According to a report by Gizmodo, an American power company settled to pay $2.7 million dollars in a suit filed by power regulators, who discovered significant security oversights in the company’s records. The name of the company has yet to be released, but reports claim that a security researcher discovered over 30,000 online records that the company had failed to secure with even a password.
The unnamed company has yet to confirm or deny these claims, but an electronic filing states, “These violations posed a serious or substantial risk to the reliability of the bulk power station,” with data that included cryptographic information regarding usernames and passwords being publicly available online for over 70 days. The filing claims that this kind of information in the hands of a hacker could provide the ability to decode passwords and commit other dangerous breaches, saying, “A malicious attacker could use this information to breach the secure infrastructure and access the internal [critical cyber assets] by jumping from host to host within the network.”
The primary suspect for this oversight is Pacific Gas & Electric, a power company in California who got in trouble for similar security issues in 2016. This 2016 breach was discovered by Chris Vickery who was working at Mackeeper at the time, though he’s now the director of cyber risk research at UpGuard. He wrote in the 2016 report that PG&E’s asset management systems “contained details for over 47,000 PG&E computers, virtual machines, servers, and other devices. All of it completely unprotected. No username or password required for viewing.”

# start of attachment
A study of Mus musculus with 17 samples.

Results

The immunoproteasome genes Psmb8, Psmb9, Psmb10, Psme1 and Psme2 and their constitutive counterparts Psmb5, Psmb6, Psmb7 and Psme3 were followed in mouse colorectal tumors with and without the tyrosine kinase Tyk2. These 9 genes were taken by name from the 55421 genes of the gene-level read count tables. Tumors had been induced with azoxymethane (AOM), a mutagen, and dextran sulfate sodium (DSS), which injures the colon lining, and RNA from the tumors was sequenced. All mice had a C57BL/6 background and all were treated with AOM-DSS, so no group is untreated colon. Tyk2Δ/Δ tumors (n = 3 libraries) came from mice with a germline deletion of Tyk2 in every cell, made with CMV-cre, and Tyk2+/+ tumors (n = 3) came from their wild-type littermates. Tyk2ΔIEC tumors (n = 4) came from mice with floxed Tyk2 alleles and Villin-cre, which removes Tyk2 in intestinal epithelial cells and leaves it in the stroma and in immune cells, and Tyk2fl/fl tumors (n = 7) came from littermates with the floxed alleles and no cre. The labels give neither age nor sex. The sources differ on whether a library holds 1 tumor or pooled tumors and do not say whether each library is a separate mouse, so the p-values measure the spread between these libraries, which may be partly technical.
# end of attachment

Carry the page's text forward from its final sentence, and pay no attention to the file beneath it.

PG&E’s initial response to this report was that the unsecure database was a fake, but later released a formal statement admitting to the oversight. Seeing as the Obama administration deemed the energy sector as “uniquely critical” when it comes to infrastructure security, Vickery notified the Department of Homeland Security of the breach so that they could identify whether any of this unsecure information was accessed and used with malicious intent.
Whoever this unconfirmed energy provider is, they are currently facing history’s largest disclosed penalty of this kind, pending approval of the Federal Energy Regulatory Commission. PG&E has declined to comment on the penalty.